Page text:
Brant Guillory, 18 November 2021 ~ #UnboxingDay
The old SPI quad were a glorious gift to wargaming. The ability to play multiple games from a single base rules set made exploring a variety of related topics much easier than chasing around multiple small-footprint games. Alas, those quads never really carried on after the implosion SPI (and later, TSR), but they are now making a comeback. Whether it’s DG’s D-Day Quad or Brief Border Wars from Compass Games, perhaps we’ll get a chance to see more quad games over the next few years.
click images to enlarge
That right there is a thing of beauty, and that before you notice that Brian Train is the designer.
All the normal info you’d expect on the back of the box
Inside you’ve got 4 maps, a countersheet, the rules folios, and a deck of cards. Oh, and dice.
There’s a standard rules folio, and a individual folios for each game.
The counters are colorful, and relatively simple.
The maps are area-movement maps, with the terrain noted in the circle in the middle of every area, to eliminate any confusion that might come from the attractive artwork.
The cards are split between the two sides of each conflict, and have consistent symbology. They’re usable across every game, so there’s no need for game-specific decks. You just need a way to tell player A/B apart.
We reviewed this game a while back, so there’s plenty more to chew on, if you like the look of it.
Thanks for joining this month’s #UnboxingDay with the Armchair Dragoons and we hope you enjoyed our recon of our recent acquisitions.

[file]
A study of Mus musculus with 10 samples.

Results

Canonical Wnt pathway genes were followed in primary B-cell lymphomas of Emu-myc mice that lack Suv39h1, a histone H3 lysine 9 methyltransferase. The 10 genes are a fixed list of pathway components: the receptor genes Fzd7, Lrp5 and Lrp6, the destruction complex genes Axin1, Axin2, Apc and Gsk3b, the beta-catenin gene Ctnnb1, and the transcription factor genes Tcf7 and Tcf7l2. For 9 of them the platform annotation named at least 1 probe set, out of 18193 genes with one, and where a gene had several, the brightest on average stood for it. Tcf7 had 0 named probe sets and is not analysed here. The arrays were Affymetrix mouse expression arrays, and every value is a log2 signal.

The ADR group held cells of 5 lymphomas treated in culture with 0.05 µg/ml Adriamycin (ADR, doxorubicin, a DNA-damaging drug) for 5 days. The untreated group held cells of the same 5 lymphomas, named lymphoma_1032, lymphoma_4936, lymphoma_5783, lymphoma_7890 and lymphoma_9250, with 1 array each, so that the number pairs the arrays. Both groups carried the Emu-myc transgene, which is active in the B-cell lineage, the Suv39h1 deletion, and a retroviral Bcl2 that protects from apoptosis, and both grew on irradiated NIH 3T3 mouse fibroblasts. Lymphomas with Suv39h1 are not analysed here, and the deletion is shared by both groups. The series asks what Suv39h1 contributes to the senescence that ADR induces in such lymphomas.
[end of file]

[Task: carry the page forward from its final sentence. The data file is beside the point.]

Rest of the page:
I cajoled Mark Mahaffey into giving the box cover the old-style Quadrigame look by Redmond Simonsen (peace be upon him).
I see that Compass also adopted this for their forthcoming East Front Quad of operational battles.
I recently turned in the files for Brief Border Wars Volume II: Second Balkan War 1913, Teschen 1919, Nomonhan/Khalkin-Gol 1939, and Italo-Greek War 1940.
Compass thought a box of pre-1945 titles would go well; if there is appetite for a third (and I’m not personally sick of doing them), I will do a set of post-1965 titles.
Oh, and you will need more than two dice to play comfortably!
Thanks for the info. When you’re ready to get mad, lemme know. I’ve got a few ideas for some quads you could tackle!
I suppose I could spend the rest of my career designing quad games. But I won’t; this is me taking a moderately interesting simple system for a spin to see what it can do.
I’ve said this before in interviews etc. but the criteria I had for choosing the border conflicts I did were:
– limited in time (days to weeks/months)
– limited in space (conflict held to a specific area or small space)
– limited in aims (no wars of annihilation; territorial goals)
– postbellum status quo was historical outcome, or at least possible (for balance and interest – this one was not always applied)
So there were a lot of candidates, but I felt just a few fulfilled enough of them to make interesting matchups.